Whether you're a pedestrian, cyclist, motorcyclist, or, driving a private passenger vehicle, every time you get on the road in Los Angeles, you're at-risk for an accident. It's no secret the streets pose a danger to everyone on them, and, the statistics bear this fact out. In fact, City of Angels drivers kill bicyclists and pedestrians way above the national average, according to a study conducted by the University of Michigan Transportation Research Institute. The reason? It's simply a matter of sheer exposure, where there's such density, 7,000 people per square mile, there are going to be more collisions. Injury and fatality crashes are quite commonplace, and, the numbers don't show a whole lot of disparity by travel type.
On average, California state regulators spent nearly $270,000 per day -- that is, every day -- on programs aimed at promoting highway safety during a recent year.
How quickly things can change.
California motorists are not strangers to the practice of lane splitting. Think back to the last few times you were navigating a significant flow of traffic on one of the Golden State’s many crowded freeways. At any point, did you encounter a motorcycle? Did that motorcycle happen to travel between you and the vehicle next to you, even though the vehicle next to you was already traveling in the next lane over? This practice is referred to as lane splitting.
Just north of Los Angeles, a motorcyclist nearly got into an accident with another motorcyclist. Now, we know that's not exactly the most thrilling bit of a news. In fact, you may not even consider it news at all. However, there is one element involved in this near-head-on crash that caught our eye -- and it will certainly catch the eye of the motorcycle community.
There is an inherent danger to many of the activities we participate in every day. Most of us acknowledge but refuse to worry about most of these dangers, such as the risk of getting into a car accident. If we constantly worried about such risks, we would be largely unable to live productive lives outside our homes.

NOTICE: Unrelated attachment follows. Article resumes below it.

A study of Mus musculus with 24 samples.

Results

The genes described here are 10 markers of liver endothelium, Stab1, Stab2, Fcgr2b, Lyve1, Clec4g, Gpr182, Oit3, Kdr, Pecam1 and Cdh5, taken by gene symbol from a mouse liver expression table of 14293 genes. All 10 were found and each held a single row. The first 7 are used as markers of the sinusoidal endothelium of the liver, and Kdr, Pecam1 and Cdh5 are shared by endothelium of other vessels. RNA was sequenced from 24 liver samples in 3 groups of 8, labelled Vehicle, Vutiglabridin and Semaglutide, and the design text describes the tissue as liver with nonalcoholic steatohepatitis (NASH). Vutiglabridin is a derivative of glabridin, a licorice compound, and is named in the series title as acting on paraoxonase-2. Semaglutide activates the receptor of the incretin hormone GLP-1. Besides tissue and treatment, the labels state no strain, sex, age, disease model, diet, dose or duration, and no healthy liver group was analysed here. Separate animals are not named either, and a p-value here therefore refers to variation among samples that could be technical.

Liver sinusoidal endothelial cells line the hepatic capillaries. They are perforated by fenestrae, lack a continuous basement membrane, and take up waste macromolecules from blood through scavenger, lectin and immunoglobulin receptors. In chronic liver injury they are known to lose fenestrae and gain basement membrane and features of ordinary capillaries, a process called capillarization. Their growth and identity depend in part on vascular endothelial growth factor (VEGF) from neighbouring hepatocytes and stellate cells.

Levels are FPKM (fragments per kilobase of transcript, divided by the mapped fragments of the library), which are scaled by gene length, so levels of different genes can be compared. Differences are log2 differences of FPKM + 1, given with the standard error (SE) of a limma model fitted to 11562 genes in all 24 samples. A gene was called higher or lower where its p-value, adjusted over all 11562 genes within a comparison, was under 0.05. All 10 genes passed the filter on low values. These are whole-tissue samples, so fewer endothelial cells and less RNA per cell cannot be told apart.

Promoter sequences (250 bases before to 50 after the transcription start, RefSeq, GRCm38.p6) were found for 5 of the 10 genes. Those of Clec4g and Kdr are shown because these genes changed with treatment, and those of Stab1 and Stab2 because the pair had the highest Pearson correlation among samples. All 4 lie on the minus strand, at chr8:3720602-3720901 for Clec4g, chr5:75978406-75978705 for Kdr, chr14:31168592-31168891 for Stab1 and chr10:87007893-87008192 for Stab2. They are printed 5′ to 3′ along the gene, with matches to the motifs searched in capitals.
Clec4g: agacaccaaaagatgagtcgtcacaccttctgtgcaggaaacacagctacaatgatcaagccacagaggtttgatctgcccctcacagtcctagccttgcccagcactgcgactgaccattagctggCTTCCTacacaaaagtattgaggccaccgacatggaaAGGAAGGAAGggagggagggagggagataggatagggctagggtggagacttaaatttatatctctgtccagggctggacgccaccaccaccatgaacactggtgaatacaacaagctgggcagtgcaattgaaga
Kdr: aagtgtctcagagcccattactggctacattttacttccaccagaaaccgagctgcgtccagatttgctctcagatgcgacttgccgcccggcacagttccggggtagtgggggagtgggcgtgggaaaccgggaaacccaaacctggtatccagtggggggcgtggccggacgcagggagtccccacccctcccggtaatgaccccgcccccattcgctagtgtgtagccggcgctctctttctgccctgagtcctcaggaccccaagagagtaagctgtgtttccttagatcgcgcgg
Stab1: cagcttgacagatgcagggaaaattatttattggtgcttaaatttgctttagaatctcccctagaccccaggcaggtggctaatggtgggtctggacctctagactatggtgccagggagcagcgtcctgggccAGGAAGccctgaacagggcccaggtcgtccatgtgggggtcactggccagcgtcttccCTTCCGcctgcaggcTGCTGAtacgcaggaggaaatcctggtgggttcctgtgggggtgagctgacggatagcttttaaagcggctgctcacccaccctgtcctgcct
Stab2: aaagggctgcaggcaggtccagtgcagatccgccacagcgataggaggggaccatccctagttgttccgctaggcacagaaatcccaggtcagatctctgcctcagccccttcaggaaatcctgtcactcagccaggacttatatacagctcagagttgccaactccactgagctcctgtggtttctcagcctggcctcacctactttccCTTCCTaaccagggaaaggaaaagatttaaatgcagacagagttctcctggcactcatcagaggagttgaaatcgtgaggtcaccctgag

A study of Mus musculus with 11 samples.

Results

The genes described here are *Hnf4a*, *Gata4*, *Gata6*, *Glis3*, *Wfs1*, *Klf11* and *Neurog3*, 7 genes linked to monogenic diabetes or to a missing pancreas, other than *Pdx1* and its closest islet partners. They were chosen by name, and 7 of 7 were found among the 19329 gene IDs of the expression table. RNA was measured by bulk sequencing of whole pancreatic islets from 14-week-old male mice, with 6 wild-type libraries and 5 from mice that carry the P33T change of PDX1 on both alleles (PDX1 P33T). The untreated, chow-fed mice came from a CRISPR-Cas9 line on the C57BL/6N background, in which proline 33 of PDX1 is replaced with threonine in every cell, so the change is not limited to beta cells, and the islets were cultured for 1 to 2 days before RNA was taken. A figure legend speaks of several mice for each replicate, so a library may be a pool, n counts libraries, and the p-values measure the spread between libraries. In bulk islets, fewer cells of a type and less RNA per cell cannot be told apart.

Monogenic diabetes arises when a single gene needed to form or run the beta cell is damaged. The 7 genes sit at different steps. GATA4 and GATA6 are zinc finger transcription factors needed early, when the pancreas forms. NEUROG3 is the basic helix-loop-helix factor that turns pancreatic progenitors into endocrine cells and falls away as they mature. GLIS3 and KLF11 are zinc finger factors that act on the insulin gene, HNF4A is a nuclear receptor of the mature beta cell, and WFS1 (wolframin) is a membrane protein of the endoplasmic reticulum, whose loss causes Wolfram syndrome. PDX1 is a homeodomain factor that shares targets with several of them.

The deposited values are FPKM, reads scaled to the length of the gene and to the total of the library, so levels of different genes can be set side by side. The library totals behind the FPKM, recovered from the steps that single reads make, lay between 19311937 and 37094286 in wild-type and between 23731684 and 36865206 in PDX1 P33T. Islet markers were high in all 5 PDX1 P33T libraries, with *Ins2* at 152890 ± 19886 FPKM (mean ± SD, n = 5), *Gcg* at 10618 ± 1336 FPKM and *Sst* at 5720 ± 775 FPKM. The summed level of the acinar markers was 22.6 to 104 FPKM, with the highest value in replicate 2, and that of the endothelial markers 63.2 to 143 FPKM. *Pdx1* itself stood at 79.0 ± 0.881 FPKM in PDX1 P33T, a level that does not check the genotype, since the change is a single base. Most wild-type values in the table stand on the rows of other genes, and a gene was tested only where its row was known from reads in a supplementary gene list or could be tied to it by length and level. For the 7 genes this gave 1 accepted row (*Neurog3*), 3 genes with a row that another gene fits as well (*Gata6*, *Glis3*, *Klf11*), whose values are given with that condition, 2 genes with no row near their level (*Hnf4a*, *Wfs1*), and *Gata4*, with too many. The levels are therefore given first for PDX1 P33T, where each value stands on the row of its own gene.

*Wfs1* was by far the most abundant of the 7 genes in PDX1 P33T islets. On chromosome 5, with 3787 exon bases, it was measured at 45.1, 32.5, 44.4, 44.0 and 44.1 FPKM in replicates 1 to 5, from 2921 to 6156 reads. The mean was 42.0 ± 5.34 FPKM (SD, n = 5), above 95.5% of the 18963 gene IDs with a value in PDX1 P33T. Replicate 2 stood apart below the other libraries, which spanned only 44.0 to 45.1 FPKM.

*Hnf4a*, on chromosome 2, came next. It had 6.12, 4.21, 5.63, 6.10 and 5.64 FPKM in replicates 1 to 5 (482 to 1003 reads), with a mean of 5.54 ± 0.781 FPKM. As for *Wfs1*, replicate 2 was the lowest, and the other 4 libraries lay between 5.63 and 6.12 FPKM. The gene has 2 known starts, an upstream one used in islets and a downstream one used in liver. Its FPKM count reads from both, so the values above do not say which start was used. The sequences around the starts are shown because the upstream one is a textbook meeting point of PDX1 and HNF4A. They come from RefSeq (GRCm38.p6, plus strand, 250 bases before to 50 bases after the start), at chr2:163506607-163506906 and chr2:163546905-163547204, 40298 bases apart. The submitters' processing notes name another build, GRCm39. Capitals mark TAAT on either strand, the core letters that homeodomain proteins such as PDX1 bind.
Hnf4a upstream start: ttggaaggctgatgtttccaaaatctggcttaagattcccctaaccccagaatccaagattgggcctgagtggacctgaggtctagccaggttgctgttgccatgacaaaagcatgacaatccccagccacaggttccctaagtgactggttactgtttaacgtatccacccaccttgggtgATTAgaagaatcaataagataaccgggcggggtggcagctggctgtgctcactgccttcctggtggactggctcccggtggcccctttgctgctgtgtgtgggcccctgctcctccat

Chances are very good that as you've sat in one of the innumerable traffic jams here in Southern California that you've seen motorcycles navigating their way between the rows of stopped vehicles, a practice known as lane-splitting.
Over the past several years, great strides have been made towards outfitting test cars with the ability to “talk” to one another. Many of these test vehicles have already been involved in real-world trials. Vehicle-to-vehicle communication is being explored primarily for its potential to reduce the number of preventable accidents that occur on U.S. highways and surface streets.
Motorcycle accidents are among the most catastrophic motor vehicle accidents on the road. In many cases, a motorcyclist suffers several different types of injuries, from abrasions and broken bones to brain damage and paralysis. In the most tragic collisions, the rider can be killed.
Last month, a traffic-jam etiquette battle began to rage in Oxnard, in Los Angeles and throughout California. Certain areas of California have some of the worst traffic jams in the nation on a regular basis. Many California motorists have become pros at navigating this kind of motor vehicle mess with a relative amount of grace. Others tend to rage behind the wheel every time the freeway begins to resemble a parking lot. Given how frustrating traffic jams can be, it is no wonder that the subject of etiquette in these situations is charged.